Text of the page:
When weighed down by what’s going on in the world, as well as right here in San Francisco, I feel myself shrinking into my shell, shackled by fear and yet in this quieting state I can always access the powers of dance. Sometimes though, the dance doesn’t come so easily; but I’ve been here before, I zero out the noise, take a breath and simply begin to move. Movement is my strategy of organizing my thoughts to arrive at a place of clarity, to express myself with conviction.
Throughout my childhood I realized I would rather do anything else but talk about my feelings, problems, or even express my opinions. Often my response is to tap into my nonverbal voice because it is my most confident. Through movement, I’m able to express myself without the fear of saying too much or too little—just enough.
To this day, I’m still working on implementing and translating this dancing voice to my daily life—it’s an ongoing practice. I’m surprised at how much I live my life as a dance class.
Everyday I step out of the comfort of home and enter the unknowns of the day—I treat each day as new choreography to explore and learn. Taking in the various influences from the environment, navigating situations, or personalities I encounter. It’s a skill of adaptability and also my willingness to sink into an experience. And similar to a dance class, the day ends, stuff happened, and I walk away with new information and knowledge.
With this in mind, as we venture forward into the fall season, a time for me that has always offered an opportunity for new beginnings or a fresh start, I’m surrounded by artists that workshop this concept to find clarity, answers, and the power of their voice through dance.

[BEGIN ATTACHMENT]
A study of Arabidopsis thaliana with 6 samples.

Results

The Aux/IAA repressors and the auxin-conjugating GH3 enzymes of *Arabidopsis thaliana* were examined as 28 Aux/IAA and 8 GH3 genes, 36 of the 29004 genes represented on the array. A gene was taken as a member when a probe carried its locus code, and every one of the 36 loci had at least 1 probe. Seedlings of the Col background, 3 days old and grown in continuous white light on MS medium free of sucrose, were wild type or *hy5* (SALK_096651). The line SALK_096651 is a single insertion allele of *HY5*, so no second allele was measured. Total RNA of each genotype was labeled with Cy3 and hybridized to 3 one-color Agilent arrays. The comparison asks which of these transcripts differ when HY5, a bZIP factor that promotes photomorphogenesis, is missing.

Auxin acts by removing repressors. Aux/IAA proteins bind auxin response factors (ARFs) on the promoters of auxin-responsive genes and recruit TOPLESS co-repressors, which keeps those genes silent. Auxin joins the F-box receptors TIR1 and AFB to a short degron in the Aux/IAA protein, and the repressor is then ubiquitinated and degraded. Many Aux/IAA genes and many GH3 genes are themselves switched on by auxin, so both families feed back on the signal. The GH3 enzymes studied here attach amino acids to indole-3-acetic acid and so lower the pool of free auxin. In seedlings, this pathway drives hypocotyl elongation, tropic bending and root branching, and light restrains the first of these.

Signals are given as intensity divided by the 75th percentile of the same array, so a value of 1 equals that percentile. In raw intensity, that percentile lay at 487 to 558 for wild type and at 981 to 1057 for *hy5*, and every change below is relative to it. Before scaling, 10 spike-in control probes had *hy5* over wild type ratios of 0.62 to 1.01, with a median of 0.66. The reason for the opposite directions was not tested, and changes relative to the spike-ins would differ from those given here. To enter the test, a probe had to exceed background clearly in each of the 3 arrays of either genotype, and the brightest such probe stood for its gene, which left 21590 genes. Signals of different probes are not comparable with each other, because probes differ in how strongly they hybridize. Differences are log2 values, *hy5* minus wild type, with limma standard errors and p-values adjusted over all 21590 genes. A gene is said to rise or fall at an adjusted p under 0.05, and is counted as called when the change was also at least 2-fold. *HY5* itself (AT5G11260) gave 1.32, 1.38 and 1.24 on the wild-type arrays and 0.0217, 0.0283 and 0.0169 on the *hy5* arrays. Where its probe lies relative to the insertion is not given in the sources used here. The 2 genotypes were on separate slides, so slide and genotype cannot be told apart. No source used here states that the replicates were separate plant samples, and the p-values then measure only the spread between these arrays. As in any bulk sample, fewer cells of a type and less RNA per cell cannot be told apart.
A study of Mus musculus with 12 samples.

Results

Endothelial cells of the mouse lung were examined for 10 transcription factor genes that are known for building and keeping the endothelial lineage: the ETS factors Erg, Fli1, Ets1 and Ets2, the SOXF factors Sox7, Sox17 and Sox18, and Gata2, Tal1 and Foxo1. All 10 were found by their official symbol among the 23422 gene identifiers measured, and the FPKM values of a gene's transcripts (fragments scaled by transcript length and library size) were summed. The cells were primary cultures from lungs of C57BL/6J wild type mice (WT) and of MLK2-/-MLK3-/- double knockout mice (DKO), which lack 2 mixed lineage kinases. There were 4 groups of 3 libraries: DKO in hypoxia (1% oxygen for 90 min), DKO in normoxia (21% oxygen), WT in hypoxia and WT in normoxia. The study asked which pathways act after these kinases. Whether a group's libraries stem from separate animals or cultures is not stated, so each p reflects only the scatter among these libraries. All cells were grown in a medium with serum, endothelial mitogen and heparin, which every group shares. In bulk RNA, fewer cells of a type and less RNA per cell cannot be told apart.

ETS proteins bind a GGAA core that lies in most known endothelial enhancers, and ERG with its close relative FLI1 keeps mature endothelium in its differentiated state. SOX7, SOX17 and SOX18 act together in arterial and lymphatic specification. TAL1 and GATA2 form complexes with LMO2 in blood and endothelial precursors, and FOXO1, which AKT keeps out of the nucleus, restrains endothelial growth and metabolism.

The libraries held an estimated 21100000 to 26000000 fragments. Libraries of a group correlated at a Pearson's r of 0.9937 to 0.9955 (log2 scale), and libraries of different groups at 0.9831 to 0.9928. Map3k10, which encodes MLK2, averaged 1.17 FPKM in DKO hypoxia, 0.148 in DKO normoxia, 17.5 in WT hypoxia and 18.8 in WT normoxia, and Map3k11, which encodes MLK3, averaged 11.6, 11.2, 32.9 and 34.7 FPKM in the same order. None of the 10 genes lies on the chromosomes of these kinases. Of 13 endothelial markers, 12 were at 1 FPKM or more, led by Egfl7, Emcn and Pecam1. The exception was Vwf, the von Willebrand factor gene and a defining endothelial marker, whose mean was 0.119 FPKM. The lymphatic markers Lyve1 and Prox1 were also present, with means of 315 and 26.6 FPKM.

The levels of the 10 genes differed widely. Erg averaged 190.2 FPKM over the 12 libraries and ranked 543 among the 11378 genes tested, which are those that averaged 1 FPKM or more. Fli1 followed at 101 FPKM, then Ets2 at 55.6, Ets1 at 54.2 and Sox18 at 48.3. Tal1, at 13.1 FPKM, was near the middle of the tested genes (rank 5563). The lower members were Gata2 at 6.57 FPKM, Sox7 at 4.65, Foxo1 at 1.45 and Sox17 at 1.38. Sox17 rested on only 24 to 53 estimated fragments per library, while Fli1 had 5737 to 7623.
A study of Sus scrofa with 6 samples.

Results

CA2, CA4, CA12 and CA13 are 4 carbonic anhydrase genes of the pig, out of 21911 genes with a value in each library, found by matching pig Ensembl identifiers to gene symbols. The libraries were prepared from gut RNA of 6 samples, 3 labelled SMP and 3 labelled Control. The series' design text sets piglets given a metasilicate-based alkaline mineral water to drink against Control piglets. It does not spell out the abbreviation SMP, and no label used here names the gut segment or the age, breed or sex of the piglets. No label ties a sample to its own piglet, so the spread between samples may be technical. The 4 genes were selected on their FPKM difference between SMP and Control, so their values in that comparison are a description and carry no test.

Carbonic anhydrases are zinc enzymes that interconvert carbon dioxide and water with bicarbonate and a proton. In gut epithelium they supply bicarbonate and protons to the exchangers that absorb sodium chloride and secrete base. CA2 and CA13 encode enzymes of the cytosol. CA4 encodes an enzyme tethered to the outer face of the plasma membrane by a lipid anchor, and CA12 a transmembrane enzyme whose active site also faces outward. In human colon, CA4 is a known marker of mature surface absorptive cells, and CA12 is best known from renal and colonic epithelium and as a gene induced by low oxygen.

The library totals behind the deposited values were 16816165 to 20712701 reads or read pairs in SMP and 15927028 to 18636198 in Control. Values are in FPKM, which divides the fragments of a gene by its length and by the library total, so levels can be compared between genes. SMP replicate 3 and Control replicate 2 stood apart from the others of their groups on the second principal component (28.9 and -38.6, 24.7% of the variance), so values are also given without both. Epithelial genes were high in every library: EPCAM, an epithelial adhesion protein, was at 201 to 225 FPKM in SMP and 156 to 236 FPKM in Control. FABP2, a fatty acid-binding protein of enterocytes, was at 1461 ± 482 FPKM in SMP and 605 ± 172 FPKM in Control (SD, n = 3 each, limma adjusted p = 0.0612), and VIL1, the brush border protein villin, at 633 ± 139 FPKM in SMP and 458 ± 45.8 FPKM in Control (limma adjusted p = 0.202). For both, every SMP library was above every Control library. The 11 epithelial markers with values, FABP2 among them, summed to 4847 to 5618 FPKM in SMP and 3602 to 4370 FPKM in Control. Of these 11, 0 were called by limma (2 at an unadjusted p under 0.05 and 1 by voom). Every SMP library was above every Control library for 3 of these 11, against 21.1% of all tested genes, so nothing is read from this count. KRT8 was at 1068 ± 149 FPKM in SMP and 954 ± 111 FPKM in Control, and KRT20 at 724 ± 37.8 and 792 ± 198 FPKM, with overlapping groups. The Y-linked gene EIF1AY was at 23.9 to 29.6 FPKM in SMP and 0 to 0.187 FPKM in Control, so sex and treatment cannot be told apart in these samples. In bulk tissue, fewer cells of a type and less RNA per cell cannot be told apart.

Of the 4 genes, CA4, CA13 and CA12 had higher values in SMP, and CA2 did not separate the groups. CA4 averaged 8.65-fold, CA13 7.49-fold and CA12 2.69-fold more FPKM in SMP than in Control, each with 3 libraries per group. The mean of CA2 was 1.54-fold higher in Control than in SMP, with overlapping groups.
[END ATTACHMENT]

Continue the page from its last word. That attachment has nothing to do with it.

Open this month’s issue and you’ll discover various windows into how others utilize dance in their journeys as a response to what’s going on in the world. For example, take flight off the streets and descend into Jo Kreiter’s SPEAK as she celebrates her 20 years of transformative dance making. This thread of transformation is woven into the tour of David Ireland’s home at 500 Capp Street in Melissa Lewis’ photo essay. Ireland’s philosophy of, “Art occurs in the practice of life,” comes to life (literally!).
Furthermore, living itself is an art and this philosophy is reflected in Krista DeNio’s upcoming project Stand Ground that focuses on acknowledging and respecting the trials and tribulations of our fellow women warriors who seek out or are in leadership positions, and ultimately invites one to learn to BE.
The pieces in this issue are emblems of the many ways dance can be used to try to make sense of the condition of life, such as Robert Avila’s digging for the impetus of NAKA Dance Theater’s RACE—their site-specific performances taking place in San Francisco’s Tenderloin neighborhood, looking at issues of displacement while amplifying the voices in the community.
At times my voice may be hidden and yet I’ve been here before. Let’s listen fiercely and continue moving to ensure our voices are heard.